The Great Shellfish Night

When I found out that the Manitoba Canola Growers Eat Well gals were throwing a Wednesday night shellfish party at DeLuca’s Cooking Studio, I leapt at the chance to attend. Or, I suppose it would be more appropriate to say that I dove right in and bought my ticket.

Eat Well events are guaranteed to be a great time and are never short on food, friends and fun. I always leave with cheeks sore from laughing and a full belly – not to mention a bag of goodies. Wednesday night’s Swag bag included a Canola Eat Well squirt bottle (I can never have too many!) and a copy of The Great Shellfish Cookbook.

The Great Shellfish Cookbook

The Great Shellfish Cookbook was written by our guest chef, Chef Matt Dean Pettit. Hailing from Toronto (by way of Midland, Ontario), Matt is the founder of the Rock Lobster Food Co. restaurant, owner of Matty’s Seafood brand, rabid sports fan and all-around awesome guy. He has a boat-load of knowledge and a passion for sustainable ingredients that really comes through in both his cooking and his writing.

The book contains over 300 shellfish recipes, designed to be cooked at home – even right here in the middle of Canada. Matt has organized the chapters by ingredient, rather than course, which I think is brilliant. If I have a bag of fresh mussels, I can go straight to the mussels’ section to find a recipe. That said, Matt himself suggests the recipes be used as inspiration and encourages home cooks to switch up their proteins, depending on preference or availability. For example, making the Cabo Cabo Shrimp Tostadas with scallops instead of shrimp.

Cabo Cabo Shrimp Tostadas

The first shellfish dish of the night was a Cabo Cabo Shrimp Tostada. After crisping a small corn tortilla in canola oil, Matt and his assistant sautéed big, fat sustainably grown shrimp with agave and a splash of tequila, until they turned from translucent and bluish to opaque with bright, salmon-pink tails. The shrimp were served on the tortillas with generous scoops of pico de gallo, chunky guacamole and micro greens. Hidden under the tortilla was a small, puddle of Matt’s deliciously addictive sriracha aioli.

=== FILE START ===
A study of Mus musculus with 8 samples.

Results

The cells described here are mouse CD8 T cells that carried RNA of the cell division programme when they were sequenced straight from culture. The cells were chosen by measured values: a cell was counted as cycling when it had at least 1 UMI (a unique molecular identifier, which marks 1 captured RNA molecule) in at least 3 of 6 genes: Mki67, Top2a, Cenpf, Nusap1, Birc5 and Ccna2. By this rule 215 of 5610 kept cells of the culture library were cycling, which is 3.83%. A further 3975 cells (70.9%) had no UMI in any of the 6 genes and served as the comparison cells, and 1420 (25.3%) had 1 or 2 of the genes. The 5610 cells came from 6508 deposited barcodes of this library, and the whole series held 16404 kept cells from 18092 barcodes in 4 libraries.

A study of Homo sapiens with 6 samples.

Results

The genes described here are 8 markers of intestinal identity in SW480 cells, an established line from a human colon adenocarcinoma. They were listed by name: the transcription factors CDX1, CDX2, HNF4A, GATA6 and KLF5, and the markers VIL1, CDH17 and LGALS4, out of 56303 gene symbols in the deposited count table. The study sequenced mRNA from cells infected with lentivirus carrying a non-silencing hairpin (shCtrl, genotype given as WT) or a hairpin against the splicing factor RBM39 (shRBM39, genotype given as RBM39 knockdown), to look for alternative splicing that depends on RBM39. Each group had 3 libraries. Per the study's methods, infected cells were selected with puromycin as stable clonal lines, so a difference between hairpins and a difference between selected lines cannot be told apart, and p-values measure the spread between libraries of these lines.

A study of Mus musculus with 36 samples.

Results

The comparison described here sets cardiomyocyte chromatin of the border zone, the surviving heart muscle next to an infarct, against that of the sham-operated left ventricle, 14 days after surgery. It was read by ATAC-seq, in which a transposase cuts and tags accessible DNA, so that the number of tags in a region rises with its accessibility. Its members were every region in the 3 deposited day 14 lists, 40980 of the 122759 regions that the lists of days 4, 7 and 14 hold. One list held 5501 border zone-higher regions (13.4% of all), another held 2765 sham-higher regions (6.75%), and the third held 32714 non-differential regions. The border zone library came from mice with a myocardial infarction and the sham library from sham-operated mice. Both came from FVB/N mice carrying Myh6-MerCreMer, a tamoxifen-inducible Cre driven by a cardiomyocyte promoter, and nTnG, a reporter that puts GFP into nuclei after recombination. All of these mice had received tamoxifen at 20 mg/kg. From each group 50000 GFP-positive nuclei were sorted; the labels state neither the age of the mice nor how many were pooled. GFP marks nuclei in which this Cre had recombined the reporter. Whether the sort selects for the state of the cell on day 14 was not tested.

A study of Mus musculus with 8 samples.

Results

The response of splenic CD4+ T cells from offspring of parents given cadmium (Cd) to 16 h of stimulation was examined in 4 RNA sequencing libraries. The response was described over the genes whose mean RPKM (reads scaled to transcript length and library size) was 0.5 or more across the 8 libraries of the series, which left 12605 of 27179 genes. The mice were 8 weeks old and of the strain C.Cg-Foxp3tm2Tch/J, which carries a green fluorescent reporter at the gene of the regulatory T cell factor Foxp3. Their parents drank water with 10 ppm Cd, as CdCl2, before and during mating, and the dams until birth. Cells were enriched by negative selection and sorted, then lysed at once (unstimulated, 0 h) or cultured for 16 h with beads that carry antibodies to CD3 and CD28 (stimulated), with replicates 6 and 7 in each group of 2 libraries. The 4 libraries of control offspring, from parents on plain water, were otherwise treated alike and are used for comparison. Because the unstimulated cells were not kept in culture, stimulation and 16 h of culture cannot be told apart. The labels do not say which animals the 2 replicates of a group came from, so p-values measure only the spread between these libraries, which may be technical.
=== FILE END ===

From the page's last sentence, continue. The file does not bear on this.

After gobbling up my tostada, I came quite close to licking my plate. I’m not going to lie – that was one of the tastiest things I have ever eaten. And, judging by the happy sounds coming from my table mates, I wasn’t the only one who felt that way. I tried to get us another round by announcing that my table hadn’t received ours yet, but Chef Matt would have none of my hijinks.

Mussels & Chorizo

With our appetites primed by the tostadas, we were ready for one of my favourite molluscs – mussels. I don’t cook a lot of shellfish at home, but when I do, nothing beats a big pot of steamed mussels. As it turns out, when it comes to seafood, mussels are one of the most sustainable choices you can make.

Chef Matt had some great tips for us on cleaning and sorting mussels and then he and an audience volunteer showed us how to make Mussels & Chorizo, another stellar recipe from his book. I’ve “bean” craving pulses lately, so I was happy to see a can of cannellini beans go into the pot along with the mussels and sausage. (I was also very happy to see the big bowl of fresh, hot frites heading our way.)

Chicken Fried Oysters

There are few foods that can’t be improved by frying and oysters are no exception. As much as I love slurping cold, raw oysters off a bed of crushed ice, Chef Matt’s fried oysters were a near-religious experience. Served on a slab of cornbread with more of that sriracha aioli and a drizzle of maple syrup, the oyster was the size and shape of a chicken wing, but that’s where the similarity ended. They were so tender, thanks to their soak in buttermilk and quick fry Once again, I came this close to licking my plate.

Aw, shucks!

Before the dish was prepared, Chef Matt and his volunteer assistant gave us a lesson in oyster shucking. He made dealing with those stubborn bivalves look easy, but I have to admit, I’m happy to leave it to the professionals. Call me shellfish – I mean selfish – but I’ve grown attached to all my fingers.

The lesson was just one of the entertaining ways that Chef Matt helped to demystify shellfish for the packed house. He had far too many tips to share here, so you’re just going to have to pick a copy of The Great Shellfish Cookbook for yourself. Or, if you stop by my house around dinnertime with a bag of mussels and a bottle of wine, you are welcome to read mine.